Raspberry Pi Animation

While I was in Manchester, I shared an office with two guys, Sam and Scott, who ran an animation studio called Saladhouse. Me being me, I used to talk about Raspberry Pi all the time – and my enthusiasm rubbed off on them both. Scott ordered a Pi kit from Pimoroni and once used it to display some interesting visuals (Amy Mather’s pygame implementation of Conway’s Game of Life) as the backdrop of a stage at a gig he was involved with putting on, and Sam said it would be nice to make an animation explaining what Raspberry Pi is.

We bounced some ideas around, and discussed what it would be like. We seemed to think alike and have similar ideas on how it would be – and liked each other’s input. I wrote the script, and Sam storyboarded it. At around this stage, I had just been invited to visit the Raspberry Pi Foundation – so I put Sam in touch with Liz Upton and she liked the script and the initial storyboard and they discussed our ideas. We’d intended to do this as a hobby project, but Liz was very keen to make this happen so it was commissioned by the Foundation, and we went in to production. Sam and Scott came along to Manchester Raspberry Jam in November, which Liz and Eben also attended, and I introduced them. Liz apologised for taking me away from them, and Scott replied “Oh, it’s ok”. I suggested we asked Amy Mather to do the voiceover, Sam liked the idea too (and Liz loved it), so I introduced Amy to Sam and they arranged the sound recording session. Amy gave some suggestions which influenced the final piece – such as changing the ’80s bedroom poster from Back to the Future to Hack to the Future.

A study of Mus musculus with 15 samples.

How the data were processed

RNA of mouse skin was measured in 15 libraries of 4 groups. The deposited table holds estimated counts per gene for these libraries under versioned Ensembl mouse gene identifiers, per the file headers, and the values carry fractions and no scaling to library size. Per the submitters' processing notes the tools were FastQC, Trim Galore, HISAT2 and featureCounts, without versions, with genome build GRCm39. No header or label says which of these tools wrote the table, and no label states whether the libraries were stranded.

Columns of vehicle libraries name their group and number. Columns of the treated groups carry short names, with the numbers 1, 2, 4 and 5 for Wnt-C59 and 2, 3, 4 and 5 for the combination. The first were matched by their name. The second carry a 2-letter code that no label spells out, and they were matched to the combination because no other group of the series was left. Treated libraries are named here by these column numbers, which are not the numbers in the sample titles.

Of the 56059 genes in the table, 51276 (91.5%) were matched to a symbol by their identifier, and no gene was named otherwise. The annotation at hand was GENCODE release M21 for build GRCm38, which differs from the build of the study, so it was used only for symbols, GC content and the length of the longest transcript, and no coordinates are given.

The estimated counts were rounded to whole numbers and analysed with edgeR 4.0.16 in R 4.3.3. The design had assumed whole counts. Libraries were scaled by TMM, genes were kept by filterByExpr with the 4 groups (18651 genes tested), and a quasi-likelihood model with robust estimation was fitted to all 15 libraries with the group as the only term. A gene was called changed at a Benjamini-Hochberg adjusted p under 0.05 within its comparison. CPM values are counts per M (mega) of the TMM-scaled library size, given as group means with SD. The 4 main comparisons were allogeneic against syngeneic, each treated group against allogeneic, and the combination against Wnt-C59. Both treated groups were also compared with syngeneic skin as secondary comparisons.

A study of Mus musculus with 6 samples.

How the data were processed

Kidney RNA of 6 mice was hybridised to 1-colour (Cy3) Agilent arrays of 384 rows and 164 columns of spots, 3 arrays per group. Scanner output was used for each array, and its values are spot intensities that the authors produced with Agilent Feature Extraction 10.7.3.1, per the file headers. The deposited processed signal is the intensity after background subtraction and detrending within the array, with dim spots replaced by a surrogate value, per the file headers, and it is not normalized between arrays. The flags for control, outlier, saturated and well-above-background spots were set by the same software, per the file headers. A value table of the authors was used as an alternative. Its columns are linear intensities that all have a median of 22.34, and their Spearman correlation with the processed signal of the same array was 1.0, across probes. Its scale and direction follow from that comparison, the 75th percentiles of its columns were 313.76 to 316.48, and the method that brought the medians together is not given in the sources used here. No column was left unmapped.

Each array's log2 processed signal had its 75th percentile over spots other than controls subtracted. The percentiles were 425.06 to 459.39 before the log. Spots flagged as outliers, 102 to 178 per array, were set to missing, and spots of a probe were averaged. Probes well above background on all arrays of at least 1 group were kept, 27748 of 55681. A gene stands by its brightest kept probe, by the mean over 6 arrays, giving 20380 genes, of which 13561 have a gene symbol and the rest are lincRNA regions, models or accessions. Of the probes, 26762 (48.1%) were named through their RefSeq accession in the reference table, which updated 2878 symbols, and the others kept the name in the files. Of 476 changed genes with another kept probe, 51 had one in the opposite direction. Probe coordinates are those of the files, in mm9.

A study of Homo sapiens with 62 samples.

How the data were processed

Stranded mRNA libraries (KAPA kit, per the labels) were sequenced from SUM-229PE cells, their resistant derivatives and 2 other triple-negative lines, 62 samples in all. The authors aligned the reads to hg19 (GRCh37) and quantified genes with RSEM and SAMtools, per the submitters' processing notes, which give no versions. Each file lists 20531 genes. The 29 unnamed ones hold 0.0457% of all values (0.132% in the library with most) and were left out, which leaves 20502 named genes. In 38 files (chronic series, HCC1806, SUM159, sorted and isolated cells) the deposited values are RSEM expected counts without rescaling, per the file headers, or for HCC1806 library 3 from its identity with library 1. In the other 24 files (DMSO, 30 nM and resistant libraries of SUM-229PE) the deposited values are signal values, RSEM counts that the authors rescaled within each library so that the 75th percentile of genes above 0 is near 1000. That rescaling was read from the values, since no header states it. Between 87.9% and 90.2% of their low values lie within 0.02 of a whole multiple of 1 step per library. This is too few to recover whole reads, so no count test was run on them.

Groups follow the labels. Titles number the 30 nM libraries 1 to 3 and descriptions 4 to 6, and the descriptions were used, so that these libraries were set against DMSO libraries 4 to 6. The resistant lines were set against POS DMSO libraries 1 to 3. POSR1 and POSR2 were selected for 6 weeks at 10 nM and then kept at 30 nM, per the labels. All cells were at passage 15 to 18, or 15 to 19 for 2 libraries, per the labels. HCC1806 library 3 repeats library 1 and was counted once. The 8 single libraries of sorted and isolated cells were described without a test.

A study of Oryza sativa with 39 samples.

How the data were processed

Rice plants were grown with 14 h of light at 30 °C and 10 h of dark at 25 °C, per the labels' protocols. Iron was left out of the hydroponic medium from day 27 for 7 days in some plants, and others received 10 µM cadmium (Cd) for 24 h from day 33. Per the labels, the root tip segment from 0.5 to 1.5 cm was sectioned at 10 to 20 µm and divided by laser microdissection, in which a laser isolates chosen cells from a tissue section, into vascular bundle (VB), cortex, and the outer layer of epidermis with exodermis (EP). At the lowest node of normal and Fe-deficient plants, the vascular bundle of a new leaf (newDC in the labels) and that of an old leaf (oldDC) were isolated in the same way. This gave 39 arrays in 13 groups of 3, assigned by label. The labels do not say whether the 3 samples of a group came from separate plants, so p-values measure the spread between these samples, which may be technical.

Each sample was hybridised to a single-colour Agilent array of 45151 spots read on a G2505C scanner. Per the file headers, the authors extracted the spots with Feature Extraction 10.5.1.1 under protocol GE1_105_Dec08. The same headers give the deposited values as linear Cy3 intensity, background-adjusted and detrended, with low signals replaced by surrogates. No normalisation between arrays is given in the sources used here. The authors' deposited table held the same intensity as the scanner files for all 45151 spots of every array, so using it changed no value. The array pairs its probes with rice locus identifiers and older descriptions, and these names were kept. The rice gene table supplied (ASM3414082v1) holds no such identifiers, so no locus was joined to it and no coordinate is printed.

I then moved to Cambridge to work at the Foundation and was regularly updated with how it was coming along, and got to see pictures like this:


The guys worked hard on the animation through December and January and we released it this week!

Huge thanks to Sam and Scott at Saladhouse, to Marcus Alexander for the sound design and to Amy Mather for doing the voiceover. I’m really proud of how it turned out and we’ll be using it to promote Raspberry Pi everywhere we go!